US envoy John Kerry warned Tuesday that the UN’s COP28 climate summit in Dubai was the world’s “last” chance to keep its target for limiting global warming alive.
Kerry issued his warning hours after COP28 president Sultan Al Jaber proposed a draft deal that did not include a phase-out of fossil fuels, disappointing the United States, the European Union and low-lying islands most vulnerable to climate change.
“Many of us have called for the world to largely phase out fossil fuels,” Kerry told ministers.
He added: “I think most of you here refuse to be part of a charade.”
The former secretary of state spoke in a closed-door session but a group of observers outside the room were watching via a live webcast that one of them had access to.
“This is the last COP that we’ll have a chance to be able to keep 1.5 degrees alive. This is it,” Kerry said, with hours to go until the summit is scheduled to end.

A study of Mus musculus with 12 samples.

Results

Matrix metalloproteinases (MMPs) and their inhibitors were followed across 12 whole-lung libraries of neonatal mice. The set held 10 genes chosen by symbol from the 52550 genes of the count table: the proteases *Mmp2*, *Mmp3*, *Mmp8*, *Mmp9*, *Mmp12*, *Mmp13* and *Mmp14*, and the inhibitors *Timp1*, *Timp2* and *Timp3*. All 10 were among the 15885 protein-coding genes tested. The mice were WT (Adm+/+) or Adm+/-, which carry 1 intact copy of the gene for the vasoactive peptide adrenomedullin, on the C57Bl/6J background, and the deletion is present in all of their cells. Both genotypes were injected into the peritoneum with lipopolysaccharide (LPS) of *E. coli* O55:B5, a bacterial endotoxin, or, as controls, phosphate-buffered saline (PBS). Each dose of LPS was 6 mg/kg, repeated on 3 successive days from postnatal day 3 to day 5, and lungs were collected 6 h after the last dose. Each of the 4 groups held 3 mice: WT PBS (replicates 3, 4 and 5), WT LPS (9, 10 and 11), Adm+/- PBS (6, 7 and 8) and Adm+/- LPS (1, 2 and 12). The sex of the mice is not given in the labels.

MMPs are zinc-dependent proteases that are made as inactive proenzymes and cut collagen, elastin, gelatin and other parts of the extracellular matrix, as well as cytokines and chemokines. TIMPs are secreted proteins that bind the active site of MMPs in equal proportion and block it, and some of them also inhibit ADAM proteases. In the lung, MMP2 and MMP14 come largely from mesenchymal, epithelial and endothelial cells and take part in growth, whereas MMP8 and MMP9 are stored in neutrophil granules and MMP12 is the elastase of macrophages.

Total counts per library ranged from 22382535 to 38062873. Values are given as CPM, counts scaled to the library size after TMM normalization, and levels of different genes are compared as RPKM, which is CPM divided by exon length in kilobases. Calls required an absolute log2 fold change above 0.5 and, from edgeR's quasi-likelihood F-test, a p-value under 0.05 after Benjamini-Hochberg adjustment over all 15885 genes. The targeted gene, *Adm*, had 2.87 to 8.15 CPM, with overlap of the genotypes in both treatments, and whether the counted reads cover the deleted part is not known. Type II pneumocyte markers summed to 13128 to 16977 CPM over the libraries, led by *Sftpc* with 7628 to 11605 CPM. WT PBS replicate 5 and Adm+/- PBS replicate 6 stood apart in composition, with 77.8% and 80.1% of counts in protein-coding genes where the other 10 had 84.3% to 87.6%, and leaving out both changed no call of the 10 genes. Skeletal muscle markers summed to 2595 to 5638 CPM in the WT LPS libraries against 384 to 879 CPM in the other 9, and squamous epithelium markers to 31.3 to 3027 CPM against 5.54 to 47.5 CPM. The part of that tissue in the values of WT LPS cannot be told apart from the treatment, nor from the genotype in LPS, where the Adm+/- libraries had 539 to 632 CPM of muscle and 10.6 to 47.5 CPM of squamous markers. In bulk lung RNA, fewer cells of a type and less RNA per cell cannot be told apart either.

The landmark 2015 Paris Agreement set the increasingly elusive target of limiting warming to 1.5 degrees Celsius (2.7 degrees Fahrenheit) from pre-industrial levels in order to avoid the worst ravages of climate change.
“I don’t think anybody here wants to be associated with the failure to live up to this responsibility. Not a lot of people in public life are asked to make life and death choices historically,” Kerry said in the early hours of Tuesday.
“This is a war for survival.”
After an earlier draft listed the landmark option of a “phase-out” of oil, gas and coal, the new text focuses on “reducing” their production and consumption in order to achieve net-zero emissions by 2050.
Fossil fuels are responsible for the bulk of heat-trapping greenhouse gas emissions.